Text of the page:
Forget code coverage! Use Mutation Testing
What is Mutation Testing, why you should use it daily
Why you need it?
It’s 2023 and I still meet a lot of teams that heavily rely on code coverage. They use it in their pipeline and aim for a coverage goal of 90-100%. When they reach it, they're happy to deploy to PROD.
The problem is that code coverage is not a quality metric. You can have 100% coverage without any test assertions. To demonstrate:
Just imagine you have a code with 100% code coverage. Nice!
Now imagine deleting all the assertion statements in your tests.
Run your code coverage tool again.
The result? 100% code coverage.
Do you still trust your tests? Code coverage can help to detect untested areas of the code, but it doesn't tell anything about the tested areas. It gives a false sense of security, giving no information about the quality of your tests. How can we measure the quality of our tests then?
The answer is: Mutation Testing
What is Mutation Testing?
Mutation Testing is about creating modified versions of the source code, called mutants, and then seeing if the tests are able to detect them. You make a small change, you run all your tests, then you check:
If you have at least one failing test, your tests cover the behavior.
If all your tests pass, then you have a missing test case or assertion.
We generate a large number of mutations for the entire codebase, and for each one, we check how strong our tests are. The goal is to improve the quality of our test suite by finding missing parts in our tests.
Types of mutation testing
Mutation tests can take various forms, such as:
Operator Mutations (e.g., replacing "+" with "-")
Conditional Mutations (e.g., negating booleans)
Statement mutation (e.g., deleting a line of code)
Value mutation (e.g., altering a function's return value)"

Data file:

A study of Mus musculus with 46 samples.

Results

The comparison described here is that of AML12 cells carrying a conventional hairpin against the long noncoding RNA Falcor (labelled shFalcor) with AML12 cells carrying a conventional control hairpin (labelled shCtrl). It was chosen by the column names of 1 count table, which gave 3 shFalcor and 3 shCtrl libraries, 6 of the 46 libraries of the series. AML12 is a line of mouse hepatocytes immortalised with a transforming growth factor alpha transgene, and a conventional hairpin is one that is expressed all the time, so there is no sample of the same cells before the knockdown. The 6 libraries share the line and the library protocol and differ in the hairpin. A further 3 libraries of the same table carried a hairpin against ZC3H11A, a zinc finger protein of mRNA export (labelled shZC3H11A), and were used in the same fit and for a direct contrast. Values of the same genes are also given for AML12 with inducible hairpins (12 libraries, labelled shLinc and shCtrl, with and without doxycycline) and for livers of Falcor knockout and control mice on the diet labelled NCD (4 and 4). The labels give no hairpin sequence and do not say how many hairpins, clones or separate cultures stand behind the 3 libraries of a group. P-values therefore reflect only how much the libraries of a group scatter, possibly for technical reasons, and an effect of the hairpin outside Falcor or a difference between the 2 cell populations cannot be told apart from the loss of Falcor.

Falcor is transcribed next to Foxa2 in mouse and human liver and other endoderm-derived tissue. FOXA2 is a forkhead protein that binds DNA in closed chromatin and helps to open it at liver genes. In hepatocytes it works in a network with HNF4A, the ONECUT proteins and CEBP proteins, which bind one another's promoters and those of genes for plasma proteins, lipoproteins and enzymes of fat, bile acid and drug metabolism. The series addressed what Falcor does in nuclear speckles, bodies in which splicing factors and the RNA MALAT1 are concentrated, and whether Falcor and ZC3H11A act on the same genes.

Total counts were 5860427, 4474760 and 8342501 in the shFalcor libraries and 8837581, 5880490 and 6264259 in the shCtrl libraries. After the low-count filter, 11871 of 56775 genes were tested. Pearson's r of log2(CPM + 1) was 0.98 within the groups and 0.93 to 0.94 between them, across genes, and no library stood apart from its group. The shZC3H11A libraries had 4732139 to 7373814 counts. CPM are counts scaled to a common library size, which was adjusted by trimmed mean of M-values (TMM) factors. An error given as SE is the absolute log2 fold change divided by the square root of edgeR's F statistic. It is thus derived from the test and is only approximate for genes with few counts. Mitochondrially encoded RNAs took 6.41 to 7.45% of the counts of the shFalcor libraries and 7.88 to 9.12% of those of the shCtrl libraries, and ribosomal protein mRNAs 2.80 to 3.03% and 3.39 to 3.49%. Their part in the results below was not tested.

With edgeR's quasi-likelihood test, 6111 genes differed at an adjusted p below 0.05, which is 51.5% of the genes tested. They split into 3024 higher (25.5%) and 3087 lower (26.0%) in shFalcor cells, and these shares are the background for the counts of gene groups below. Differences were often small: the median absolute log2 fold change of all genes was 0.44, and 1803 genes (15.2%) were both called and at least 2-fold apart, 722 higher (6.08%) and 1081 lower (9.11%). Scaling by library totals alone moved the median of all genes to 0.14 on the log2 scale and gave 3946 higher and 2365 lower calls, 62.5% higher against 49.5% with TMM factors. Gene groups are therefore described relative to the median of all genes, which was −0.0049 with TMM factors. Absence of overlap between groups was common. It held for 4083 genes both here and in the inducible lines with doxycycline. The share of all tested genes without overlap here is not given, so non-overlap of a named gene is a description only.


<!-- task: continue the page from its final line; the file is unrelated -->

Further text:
Mutation testing can be done manually, but the most efficient way is to do it in an automated fashion using a library. The good news is that you can find a mutation testing library for most tech stacks.
Here are the most popular ones per language:
How to measure quality
After each mutation, we run all our tests. If we have at least one failing test it means that the mutant is killed. If there are no failing tests, then the mutant is survived. To measure the success of mutation testing, we can use the mutation score. It's a percentage value calculated by dividing the number of killed mutants by the total number of mutants and then multiplying the result by 100.
If all mutants are killed, we have a 100% mutation score, which tells much more about the quality of our test suite, than 100% code coverage.
The ultimate solution
If you use test-last development, mutation testing should be mandatory as a quality assurance tool. However, because there are so many mutations to create, it will require extra effort to analyze the test results.
Solution? Test-Driven Development (TDD). When using TDD, with its test-first approach and the 3rd law, we achieve a code base with 100% code coverage and a 100% mutation score automatically. This is a killing feature of TDD, that not many people talk about.
3rd law of TDD:
You are not allowed to write any more production code than is sufficient to pass the one failing unit test.
After all, we are still humans making mistakes, so even with TDD, we should still use mutation testing to double-check the quality of our work.
Imagine you have a slice of bread with your favorite topping. Code coverage will tell you that its X% is covered with some topping. The mutation score will tell you that your bread is covered with, jam, Nutella, cream cheese, or something else.
When you offer a child a slice of bread, what information are they interested in? The percentage of their bread covered or what it's covered with? Of course, they want to know if it has Nutella on it.
The same happens in software: we should care more about the behaviors our tests cover rather than the number of lines of code they execute.